NC mayoral candidate told cops God warned her a killer was hiding in hotel, city says

In a series of disturbing confrontations with police Thursday night, a Monroe mayoral candidate ordered officers to search a hotel Thursday night because God had told her a murderer and other criminals were hiding there, city officials say.

When police later responded to a disturbance call at Angelia James’ home that same night, the City Council member attempted to illegally fire or promote several of the officers at the scene, the city said in a statement Monday detailing the incidents.

When James was then taken to Atrium Health Union Hospital for medical treatment, more confrontations broke out, including one in which she ripped a protective mask off the face of one officer while declaring that the pandemic had ended, the city’s statement said.

In an email to The Charlotte Observer on Monday night, James accused the city and police of fabricating the descriptions of her behavior last week at the Fairfield Inn, her home and at the hospital.

“The police was NOT call(ed) to Fairfield hotel for disturbing the peace,” she wrote. “The police was NOT call(ed) to my residence for a disturbance.”

angelia james.jpeg
Monroe City Council member Angelia James ordered police Thursday night to search a motel because God had told her a murderer and other criminals were hiding there, the city of Monroe says. City of Monroe

James, who was elected to the council in 2019, said she was taken to the hospital based on her own decision “to make sure I wasn’t having a heart attack,” and, she said, to check on a Monroe police lieutenant who had been involved in a traffic accident.

“These lies and rumors must STOP! THEY ARE NOT GOING TO WORK! Please keep my family out of your mouth,” James wrote.

James did not respond Tuesday morning to a series of follow-up questions, including requests for details of her current physical condition and an explanation on why police and City Hall would lie about her.

However, she posted another statement on her personal and political Facebook pages rife with defiant religious imagery:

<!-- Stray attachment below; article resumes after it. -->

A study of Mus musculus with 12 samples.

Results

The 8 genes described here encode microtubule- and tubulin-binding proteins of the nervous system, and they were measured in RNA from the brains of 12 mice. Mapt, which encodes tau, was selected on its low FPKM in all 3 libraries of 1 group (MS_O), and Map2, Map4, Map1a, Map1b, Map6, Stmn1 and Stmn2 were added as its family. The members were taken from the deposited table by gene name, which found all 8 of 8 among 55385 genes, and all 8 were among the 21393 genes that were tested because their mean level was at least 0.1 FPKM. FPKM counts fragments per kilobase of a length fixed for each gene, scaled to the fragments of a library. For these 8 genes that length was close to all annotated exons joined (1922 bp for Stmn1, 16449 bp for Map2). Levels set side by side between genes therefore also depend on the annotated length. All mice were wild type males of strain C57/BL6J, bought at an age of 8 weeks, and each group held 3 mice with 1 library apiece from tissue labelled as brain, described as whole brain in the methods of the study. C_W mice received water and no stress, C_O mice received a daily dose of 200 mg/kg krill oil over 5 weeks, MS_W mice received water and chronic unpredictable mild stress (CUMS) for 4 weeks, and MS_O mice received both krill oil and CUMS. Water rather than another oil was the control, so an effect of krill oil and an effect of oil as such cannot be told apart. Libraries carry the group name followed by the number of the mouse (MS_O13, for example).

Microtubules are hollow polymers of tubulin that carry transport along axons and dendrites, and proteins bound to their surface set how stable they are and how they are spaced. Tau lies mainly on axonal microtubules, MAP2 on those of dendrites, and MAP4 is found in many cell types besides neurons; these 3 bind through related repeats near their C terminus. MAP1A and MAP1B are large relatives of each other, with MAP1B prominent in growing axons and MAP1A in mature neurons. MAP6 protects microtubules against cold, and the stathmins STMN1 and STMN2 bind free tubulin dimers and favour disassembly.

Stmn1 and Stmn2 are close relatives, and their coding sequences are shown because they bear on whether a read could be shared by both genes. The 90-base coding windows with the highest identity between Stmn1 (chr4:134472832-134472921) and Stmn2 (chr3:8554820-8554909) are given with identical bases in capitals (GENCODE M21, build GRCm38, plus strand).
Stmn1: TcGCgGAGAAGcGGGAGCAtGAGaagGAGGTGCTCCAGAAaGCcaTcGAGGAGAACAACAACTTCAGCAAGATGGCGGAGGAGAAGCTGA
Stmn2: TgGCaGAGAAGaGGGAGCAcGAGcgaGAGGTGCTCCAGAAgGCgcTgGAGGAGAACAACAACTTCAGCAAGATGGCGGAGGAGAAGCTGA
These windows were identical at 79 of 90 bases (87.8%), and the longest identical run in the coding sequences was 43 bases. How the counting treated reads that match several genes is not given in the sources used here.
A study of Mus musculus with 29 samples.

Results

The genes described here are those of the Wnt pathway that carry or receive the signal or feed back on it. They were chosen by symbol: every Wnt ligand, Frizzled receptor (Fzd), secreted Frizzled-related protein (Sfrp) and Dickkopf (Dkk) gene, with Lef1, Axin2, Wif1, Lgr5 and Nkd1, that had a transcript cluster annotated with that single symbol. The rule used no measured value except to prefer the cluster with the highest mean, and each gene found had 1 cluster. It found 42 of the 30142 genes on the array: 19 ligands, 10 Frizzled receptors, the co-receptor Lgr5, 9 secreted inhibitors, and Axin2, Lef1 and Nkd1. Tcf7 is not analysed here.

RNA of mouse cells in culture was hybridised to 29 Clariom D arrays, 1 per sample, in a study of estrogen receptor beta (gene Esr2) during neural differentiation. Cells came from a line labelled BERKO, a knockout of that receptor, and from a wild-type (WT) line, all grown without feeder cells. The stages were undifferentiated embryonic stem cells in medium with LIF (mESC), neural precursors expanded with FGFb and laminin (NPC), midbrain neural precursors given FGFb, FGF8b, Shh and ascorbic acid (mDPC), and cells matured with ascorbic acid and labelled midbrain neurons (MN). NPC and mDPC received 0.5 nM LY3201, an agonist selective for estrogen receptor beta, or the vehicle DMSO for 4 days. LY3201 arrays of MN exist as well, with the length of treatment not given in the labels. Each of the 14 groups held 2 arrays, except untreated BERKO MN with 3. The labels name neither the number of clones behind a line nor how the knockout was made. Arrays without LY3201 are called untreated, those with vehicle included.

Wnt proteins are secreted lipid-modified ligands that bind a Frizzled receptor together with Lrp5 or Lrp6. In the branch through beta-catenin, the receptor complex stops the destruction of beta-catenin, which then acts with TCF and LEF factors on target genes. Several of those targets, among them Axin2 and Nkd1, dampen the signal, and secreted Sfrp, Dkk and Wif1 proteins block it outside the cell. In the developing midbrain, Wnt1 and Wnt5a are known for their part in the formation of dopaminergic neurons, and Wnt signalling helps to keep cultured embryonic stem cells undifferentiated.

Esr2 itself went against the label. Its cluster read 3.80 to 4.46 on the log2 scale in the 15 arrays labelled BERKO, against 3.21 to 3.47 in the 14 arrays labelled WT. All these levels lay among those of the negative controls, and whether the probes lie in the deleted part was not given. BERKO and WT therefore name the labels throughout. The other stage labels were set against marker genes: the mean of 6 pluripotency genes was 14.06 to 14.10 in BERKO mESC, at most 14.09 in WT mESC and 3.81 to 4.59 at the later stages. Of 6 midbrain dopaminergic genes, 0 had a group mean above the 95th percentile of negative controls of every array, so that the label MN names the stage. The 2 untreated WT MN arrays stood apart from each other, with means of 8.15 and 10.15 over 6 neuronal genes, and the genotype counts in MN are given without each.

“NO WEAPON FORMED AGAINST ME SHALL PROSPER! I’M A CHILD OF THE MOST HIGH!” she wrote. “IF GOD IS FOR ME, WHO SHALL BE AGAINST ME. THE ENEMY WILL NOT WIN! GLORY TO GOD! Thank you to those that are praying and supporting me. I love you!”

James is one of three mayoral candidates on the November ballot in Monroe, about 25 miles southeast of Charlotte. She is opposed by fellow City Council member Marion Holloway and Charlotte-Mecklenburg police Officer Bob Yanacsek, a runner-up two years ago.

Reached Tuesday by email, Holloway, the mayor pro tem, said since both James and he are in the mayoral race, it would be inappropriate for him to comment.

But he added that there is video of the incidents.

“Since Mrs. James is a staunch advocate for transparency, I would assume she would want this released. After viewing the referenced videos my position on commenting may change,” Holloway said.

Outgoing Mayor Bobby Kilgore told the Observer that the matter is on the City Council’s Tuesday night agenda and would be discussed in open session. James did not reply to an email asking if she planned to attend.

Council members Freddie Gordon, Lynn Keziah and Franco McGee did not respond to an Observer email Tuesday seeking comment about the situation. Member Surluta Anthony declined to comment.

James is a well-known girls basketball coach at Porter Ridge High School in Union County where her current status is unknown. School principal Kim Fisenne did not immediately return a phone call Tuesday seeking comment.

Tahira Stalberte, the school system’s assistant superintendent for communications and community relations, said Tuesday that James is a volunteer, non-faculty coach and remains in her position as Porter Ridge’s girls varsity coach.

On Thursday night, police say they received a 911 call shortly before 7 p.m. from the Fairfield Inn on Williams Road, calling for the removal of a person who was disturbing the peace. The city identified that person as James.

When police determined that the people she singled out were not felons. James insisted that God had told her they were, ordering officers to seek a warrant to search the entire hotel until they found them, including one who had committed a murder, according to the city’s statement.

James’ husband eventually arrived at the hotel and took her home, the city. Soon, police were called there, too. The city says James continued to threaten the officers while claiming she had already fired police Chief Bryan Gilliard, which, in fact, had not occurred.

Monroe and Union County have been buffeted by turbulent local politics for months. On Aug. 3, the City Council voted 4-3 — and without explanation — to fire City Manager Larry Faison, the fifth to hold the job since 2020.

Meanwhile, Union County Public Schools, already one of only three of state’s 115 school systems to not adopt mask mandates in the face of a resurgent pandemic, voted 8-1 Monday to end contact tracing and most quarantining.

Parents of some students applauded the move. A representative of the state’s largest union for teachers told the school board its decision was “reckless and deeply concerning” and contradicts what health experts, including the Union County Health Department, advise.